State Rep. Kenny Havard believes he could have prevented the shock and awe surrounding the federal rejection of the Jindal administration’s financing plans for LSU hospitals.
The U.S. Centers for Medicare and Medicaid Services — or CMS, for short — refused to accept the funding mechanics of six privatization deals, including arrangements involving health care for the poor and uninsured in New Orleans, Lafayette and Houma.
Among the problems: The Jindal administration accepted advance lease payments from private hospitals to help balance the state’s operating budget.
The rejection didn’t come as a sudden thunderbolt from a bright blue sky. The rumblings echoed for weeks at the State Capitol. The Jindal administration downplayed the noise, attributing it to the normal drone of government bureaucracy at work.
Gov. Bobby Jindal was so certain that his structure for dismantling the state’s charity hospital system and shifting patients to private hospital providers would work that he didn’t wait for the federal government’s OK. He kept details close to the vest, handing the LSU Board of Supervisors dozens of blank pages on the Shreveport-Monroe hospital agreement. Then he set his idea into motion.
Now that the proposal has met with the federal government’s disapproval, legislators are worried. State Treasurer John Kennedy is worried. The Jindal administration, meanwhile, is focused on finding a resolution before the financial impact hits in fall 2015 — all the time assuring legislators that the state is on sound legal footing.
Havard, R-St. Francisville, introduced legislation last year that would require more oversight of privatization contracts, including drawing the legislative auditor’s eye to big-dollar proposals. The administration opposed the bill, which died in a Senate committee.
“It would have possibly prevented the situation we are currently in with CMS rejecting the hospital deals,” he said, arguing that transparency is needed.
Havard is back again this year with his proposal. The House Appropriations Committee recently debated House Bill 128. Again, the Jindal administration opposed the legislation. The legislative auditor estimated each privatization contract would cost him $31,500 to review under the bill’s guidelines.
“This is not about stopping privatization. … As a conservative, I believe in the free-market principles, and I believe in smaller government,” Havard told committee members, who squirmed uncomfortably at the bill’s price tag.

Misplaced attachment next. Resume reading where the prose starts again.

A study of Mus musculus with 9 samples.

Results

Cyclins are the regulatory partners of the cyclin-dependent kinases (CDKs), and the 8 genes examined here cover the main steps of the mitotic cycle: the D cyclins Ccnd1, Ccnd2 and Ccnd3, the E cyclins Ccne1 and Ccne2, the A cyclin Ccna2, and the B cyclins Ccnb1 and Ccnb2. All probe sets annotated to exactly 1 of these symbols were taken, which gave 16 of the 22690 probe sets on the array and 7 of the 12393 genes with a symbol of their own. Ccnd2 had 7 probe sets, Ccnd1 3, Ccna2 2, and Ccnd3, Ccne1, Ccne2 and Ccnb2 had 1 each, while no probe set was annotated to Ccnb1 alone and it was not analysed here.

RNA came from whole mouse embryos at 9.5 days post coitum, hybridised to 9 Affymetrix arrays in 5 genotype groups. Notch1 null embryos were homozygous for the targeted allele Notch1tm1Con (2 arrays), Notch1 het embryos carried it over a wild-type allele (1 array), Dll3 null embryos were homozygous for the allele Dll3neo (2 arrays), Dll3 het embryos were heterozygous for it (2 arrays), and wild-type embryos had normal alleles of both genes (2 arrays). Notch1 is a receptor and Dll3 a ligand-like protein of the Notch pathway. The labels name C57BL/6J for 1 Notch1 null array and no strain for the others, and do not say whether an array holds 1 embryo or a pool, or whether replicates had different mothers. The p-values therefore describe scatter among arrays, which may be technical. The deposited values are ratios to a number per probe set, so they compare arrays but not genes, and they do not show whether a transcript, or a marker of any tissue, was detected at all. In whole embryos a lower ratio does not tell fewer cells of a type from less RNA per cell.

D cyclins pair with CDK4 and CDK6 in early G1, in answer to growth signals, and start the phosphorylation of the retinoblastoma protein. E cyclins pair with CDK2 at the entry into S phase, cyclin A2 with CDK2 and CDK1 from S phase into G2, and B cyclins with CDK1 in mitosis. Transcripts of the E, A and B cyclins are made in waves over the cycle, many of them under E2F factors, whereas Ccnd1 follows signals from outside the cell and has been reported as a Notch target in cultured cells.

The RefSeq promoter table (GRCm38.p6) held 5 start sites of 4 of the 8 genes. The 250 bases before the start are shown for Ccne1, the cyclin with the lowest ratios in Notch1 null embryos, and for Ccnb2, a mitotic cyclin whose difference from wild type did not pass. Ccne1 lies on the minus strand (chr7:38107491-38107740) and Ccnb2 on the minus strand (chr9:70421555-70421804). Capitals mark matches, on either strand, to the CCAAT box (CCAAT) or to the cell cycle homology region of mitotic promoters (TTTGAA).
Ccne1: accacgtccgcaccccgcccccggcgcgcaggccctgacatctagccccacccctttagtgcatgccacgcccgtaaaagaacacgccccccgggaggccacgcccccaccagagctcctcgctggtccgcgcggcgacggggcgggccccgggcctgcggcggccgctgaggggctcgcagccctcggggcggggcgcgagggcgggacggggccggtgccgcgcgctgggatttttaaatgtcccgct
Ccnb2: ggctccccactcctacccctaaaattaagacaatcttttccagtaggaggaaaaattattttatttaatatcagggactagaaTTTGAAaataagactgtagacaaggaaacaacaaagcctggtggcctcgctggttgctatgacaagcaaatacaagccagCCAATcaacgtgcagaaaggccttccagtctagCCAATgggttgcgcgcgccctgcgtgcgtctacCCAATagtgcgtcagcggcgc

Havard said the state cannot afford multimillion-dollar hiccups when privatizations fail to work as promised.
The Jindal administration countered that the cost of standing up an office just to do the background checks required by the bill would cost $700,000. “It’s going to be expensive,” said Liz Murrill, executive counsel for the Division of Administration.
The bill advanced, but its ultimate fate is unclear. Committee members advised Havard to work with the Jindal administration.
“They have not offered anything. There is nothing about the bill they can live with,” Havard complained Wednesday.
At the same time, Kennedy is making noise about $70 million he freed up for higher education last month at the division’s request. He shuffled around dollars to keep public colleges and universities afloat until needed funds materialize later in the fiscal year. Those funds need to show up so that the treasury seeds can be repaid.
Kennedy fired off a letter to Commissioner of Administration Kristy Nichols, the governor’s chief budget adviser, asking how the seeds will be repaid. He thanked her in advance for her prompt attention.
Once again, the Jindal administration contends there is no reason to worry.
“The CMS decision has no effect on our ability to repay the seed requests. The decision has no legal basis. We are appealing and submitting new state plan amendments, and there will be no interruption in services. The partnerships will continue expanding access to health care and reducing patient wait times across the state,” Nichols said in a prepared statement.
Michelle Millhollon covers the state budget and the Governor’s Office for The Advocate Capitol news bureau. Her email address is email@example.com.